This is not just a Halloween story. Collecting coffins and urns for the dead is a year-round activity for the social action arm of Manila Archdiocese. Father Anton Pascual, executive director of Caritas Manila, said they accept all types of coffins, whether they are "brand new" or "second hand." "We are doing it to help the poor who are financially incapable of burying their dead," said the priest. The church program dubbed "Caritas Damayan" has so far this year collected 50 coffins
made of wood or stainless steel.
The annual Filipino observance of "Undas," of Day of the Dead
, brings to mind traditional beliefs and practices associated with death and burial among Filipinos. The smashing of plates and the breaking of bottles when the remains of a person is taken out of a house is probably the most common. Father Eutiguio Belizar of Borongan Diocese in the central Philippines said people do it "to break the possible cycle of death." There are also those who believe that a funeral procession passing by a dead person's house twice brings bad luck to the family. "It is not uncommon for a family to insist that a funeral Mass be held in another church or chapel," said the priest who heads the diocese's Commission on the Doctrine of the Faith. Father Belizar said most Filipino practices have no basis on reason or the teaching of the Catholic Church. He said giving in to "superstitious beliefs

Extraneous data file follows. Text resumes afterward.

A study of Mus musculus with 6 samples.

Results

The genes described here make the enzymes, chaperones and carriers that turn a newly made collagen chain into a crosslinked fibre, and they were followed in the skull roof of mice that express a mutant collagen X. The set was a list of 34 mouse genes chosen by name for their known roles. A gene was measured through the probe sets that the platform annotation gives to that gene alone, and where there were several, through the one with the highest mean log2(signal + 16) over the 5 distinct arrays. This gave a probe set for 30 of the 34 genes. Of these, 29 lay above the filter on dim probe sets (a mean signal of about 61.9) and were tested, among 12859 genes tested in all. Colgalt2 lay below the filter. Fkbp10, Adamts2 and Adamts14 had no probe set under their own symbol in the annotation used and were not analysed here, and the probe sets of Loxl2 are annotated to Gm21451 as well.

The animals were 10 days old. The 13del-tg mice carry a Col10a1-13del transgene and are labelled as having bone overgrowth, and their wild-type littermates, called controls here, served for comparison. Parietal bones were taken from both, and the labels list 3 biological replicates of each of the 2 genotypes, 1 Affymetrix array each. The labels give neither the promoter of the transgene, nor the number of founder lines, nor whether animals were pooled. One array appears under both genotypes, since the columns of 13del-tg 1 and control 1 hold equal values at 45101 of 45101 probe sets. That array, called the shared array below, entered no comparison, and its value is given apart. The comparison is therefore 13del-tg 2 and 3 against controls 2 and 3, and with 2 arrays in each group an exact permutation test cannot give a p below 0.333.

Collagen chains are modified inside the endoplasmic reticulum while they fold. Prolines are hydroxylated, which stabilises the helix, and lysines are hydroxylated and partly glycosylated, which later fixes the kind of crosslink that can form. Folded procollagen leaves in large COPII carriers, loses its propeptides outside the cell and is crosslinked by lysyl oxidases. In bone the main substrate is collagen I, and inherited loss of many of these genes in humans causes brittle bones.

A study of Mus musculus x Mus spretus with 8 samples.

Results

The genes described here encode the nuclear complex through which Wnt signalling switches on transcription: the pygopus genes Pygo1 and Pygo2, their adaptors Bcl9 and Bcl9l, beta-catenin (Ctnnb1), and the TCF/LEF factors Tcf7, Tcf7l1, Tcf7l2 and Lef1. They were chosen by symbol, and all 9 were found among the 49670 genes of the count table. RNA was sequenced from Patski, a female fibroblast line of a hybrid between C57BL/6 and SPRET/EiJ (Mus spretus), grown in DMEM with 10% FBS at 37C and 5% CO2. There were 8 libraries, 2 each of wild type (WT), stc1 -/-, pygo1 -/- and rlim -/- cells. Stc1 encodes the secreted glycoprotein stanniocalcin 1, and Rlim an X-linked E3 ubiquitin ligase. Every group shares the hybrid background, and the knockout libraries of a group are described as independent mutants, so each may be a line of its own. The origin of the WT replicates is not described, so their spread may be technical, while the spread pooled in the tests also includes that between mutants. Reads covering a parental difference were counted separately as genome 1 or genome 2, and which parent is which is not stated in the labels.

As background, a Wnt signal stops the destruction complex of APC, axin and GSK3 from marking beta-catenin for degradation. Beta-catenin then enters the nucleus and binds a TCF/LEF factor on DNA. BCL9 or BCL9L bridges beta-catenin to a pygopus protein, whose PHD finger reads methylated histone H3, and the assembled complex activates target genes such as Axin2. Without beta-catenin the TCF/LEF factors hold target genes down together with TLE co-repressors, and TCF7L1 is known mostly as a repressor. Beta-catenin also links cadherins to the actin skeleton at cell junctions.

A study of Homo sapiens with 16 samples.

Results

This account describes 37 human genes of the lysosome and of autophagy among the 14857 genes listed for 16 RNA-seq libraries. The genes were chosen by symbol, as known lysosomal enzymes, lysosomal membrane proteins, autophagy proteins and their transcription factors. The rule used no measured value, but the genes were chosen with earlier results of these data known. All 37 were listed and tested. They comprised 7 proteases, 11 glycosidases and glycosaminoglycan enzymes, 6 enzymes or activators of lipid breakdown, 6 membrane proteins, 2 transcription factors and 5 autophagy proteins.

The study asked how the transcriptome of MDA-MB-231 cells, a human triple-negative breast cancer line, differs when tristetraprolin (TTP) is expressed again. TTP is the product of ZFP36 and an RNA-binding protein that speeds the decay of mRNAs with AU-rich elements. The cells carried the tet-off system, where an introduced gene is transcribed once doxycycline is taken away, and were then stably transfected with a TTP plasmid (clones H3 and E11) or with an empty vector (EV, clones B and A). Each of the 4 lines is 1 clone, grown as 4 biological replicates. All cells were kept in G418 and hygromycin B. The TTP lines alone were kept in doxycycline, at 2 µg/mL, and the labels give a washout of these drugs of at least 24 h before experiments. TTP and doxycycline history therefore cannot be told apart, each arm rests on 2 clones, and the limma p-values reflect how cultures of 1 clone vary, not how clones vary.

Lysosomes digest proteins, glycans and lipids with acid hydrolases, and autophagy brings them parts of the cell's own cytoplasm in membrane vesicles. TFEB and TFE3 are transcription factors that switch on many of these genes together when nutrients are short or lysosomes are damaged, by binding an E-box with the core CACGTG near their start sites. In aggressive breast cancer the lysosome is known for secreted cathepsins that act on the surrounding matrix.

... is a denial of true faith and worship." The priest called on his fellow clerics to "tirelessly catechize" Catholics" and "pinpoint superstitions." Alternative to Halloween
In Cabanatuan Diocese in the northern part of the Philippines, a "March of Saints" is being held on Nov. 1 as a "Catholic alternative" to Halloween parties. "Instead of attending Halloween parties where people wear scary costumes, we encourage everyone to join the March of Saints where they can dress as saints," said Bishop Sofronio Bancud. As to the Filipino practice of placing food and drinks on the tombs of the dead, the prelate said it is better to offer prayers and Masses that are "more beneficial" to the souls of the dead. Bishop Bancud also reminded people who troop to cemeteries during what is a two-day national holiday "to maintain the holiness of cemeteries" and avoid making too much noise, drinking, and gambling. The observance of "Undas," from the Spanish "andas," or Day of the Dead, was brought to the country by early Spanish friars. The first two days of November
are considered very important holidays by many Filipinos, after Christmas and Holy Week. Remembering the dead and visiting their tombs in cemeteries during the first two days of November have become part of an annual Filipino tradition. More than the offering of prayers and flowers and the lighting of candles, the two-day holiday has also become an occasion for family reunions where people spend a night or two in the cemetery.